A protester from the Uyghur community living in Turkey, holds an anti-China placard during a protest in Istanbul, March 25, against the visit of China's FM Wang Yi to Turkey.
A protester from the Uyghur community living in Turkey, holds an anti-China placard during a protest in Istanbul, March 25, against the visit of China's FM Wang Yi to Turkey.

A group of U.N. human rights experts says it is “deeply concerned” about allegations regarding China’s treatment of its Muslim Uyghur minority.

The Working Group on Business and Human Rights says it has “received information that connected over 150 domestic Chinese and foreign domiciled companies to serious allegations of human rights abuses against Uyghur workers.”

“As independent experts appointed by the Human Rights Council, of which China is a State Member, we consider that an official visit to China (including the Xinjiang region) would be the ideal opportunity for such dialogue and to assess the situation for ourselves based on free and unhindered access,” the group said.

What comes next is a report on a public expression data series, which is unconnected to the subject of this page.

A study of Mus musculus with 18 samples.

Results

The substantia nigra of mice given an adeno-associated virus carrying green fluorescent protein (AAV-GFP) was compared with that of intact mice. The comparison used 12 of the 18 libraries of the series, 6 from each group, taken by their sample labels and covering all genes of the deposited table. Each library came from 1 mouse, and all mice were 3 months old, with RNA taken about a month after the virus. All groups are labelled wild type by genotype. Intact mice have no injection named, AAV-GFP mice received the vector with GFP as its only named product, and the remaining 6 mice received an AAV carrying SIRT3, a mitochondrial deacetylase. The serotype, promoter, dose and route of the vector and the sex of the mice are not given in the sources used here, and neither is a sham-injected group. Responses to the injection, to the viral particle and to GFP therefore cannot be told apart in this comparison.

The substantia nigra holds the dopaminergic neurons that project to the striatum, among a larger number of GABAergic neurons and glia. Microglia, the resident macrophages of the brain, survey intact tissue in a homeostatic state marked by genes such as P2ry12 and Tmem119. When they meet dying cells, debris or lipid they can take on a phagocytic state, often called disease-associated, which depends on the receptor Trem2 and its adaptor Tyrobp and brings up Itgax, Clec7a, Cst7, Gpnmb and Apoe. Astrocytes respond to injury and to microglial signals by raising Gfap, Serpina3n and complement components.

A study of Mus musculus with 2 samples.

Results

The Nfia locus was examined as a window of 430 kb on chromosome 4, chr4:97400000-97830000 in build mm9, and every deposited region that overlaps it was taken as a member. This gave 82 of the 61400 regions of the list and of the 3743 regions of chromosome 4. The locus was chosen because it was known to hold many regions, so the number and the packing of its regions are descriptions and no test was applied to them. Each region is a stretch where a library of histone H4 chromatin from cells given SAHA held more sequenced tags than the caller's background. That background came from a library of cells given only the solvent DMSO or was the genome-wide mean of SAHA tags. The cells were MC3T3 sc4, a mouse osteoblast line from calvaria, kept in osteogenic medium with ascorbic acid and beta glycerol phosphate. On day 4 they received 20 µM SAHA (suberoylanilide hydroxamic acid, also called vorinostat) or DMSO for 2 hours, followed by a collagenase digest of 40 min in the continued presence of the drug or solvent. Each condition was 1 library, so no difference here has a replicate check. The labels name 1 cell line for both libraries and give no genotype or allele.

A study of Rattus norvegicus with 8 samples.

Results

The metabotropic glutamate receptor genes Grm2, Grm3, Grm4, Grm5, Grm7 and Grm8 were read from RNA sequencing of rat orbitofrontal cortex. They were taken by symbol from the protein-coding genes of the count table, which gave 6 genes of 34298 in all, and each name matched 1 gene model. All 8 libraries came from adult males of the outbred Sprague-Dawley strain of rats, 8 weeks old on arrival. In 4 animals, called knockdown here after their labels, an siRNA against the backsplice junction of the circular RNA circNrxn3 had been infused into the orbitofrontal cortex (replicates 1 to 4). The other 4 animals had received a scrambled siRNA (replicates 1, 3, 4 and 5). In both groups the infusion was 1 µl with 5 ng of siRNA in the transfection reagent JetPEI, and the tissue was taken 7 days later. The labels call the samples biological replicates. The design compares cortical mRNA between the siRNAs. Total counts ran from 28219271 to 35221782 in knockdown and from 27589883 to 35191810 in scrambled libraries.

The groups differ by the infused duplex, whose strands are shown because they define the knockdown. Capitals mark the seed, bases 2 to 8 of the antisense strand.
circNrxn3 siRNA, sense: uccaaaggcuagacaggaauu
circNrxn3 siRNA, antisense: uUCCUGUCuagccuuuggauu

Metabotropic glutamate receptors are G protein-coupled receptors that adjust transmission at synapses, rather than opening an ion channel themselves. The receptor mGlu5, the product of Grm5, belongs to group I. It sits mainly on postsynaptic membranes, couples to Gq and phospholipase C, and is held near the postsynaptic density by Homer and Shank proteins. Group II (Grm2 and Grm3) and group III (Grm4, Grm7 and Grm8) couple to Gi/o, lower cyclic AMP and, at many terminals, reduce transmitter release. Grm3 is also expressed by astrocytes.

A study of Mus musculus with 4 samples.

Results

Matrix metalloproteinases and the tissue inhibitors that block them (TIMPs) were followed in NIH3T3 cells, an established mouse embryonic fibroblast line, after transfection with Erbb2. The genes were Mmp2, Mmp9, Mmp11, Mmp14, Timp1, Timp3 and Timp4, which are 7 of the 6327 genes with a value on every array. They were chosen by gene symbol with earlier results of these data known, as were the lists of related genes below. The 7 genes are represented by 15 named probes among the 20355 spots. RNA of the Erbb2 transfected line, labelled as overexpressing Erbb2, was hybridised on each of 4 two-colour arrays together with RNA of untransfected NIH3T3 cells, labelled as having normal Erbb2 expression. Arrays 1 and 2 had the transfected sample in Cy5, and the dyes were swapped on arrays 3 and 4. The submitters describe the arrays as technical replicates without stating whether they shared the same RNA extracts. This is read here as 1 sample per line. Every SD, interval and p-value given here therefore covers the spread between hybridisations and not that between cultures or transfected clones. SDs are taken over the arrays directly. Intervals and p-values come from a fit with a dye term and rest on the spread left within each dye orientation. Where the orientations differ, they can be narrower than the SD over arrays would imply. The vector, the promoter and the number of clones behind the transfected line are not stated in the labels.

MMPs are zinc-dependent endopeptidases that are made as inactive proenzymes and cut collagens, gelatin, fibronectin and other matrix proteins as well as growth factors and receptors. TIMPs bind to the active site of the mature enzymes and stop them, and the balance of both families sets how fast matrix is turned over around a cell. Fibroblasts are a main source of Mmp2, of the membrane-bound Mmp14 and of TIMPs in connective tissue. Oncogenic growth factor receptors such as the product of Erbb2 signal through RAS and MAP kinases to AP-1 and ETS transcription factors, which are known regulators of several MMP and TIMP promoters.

Many Chinese companies as well as private firms outside China are accused of using slave labor or incorporating products made with slave labor into their supply chains. This includes “numerous well-known global brands,” the group said.


China is accused of rights violations including arbitrary detention, forced sterilization and use of slave labor using Uyghurs. China denies the allegations and says its policies in Xinjiang, where Uyghurs are concentrated, aim to combat Islamic extremism.

Britain, Canada, the European Union and the United States have sanctioned several members of Xinjiang's political and economic power elite this week over the allegations of widespread human right abuses there.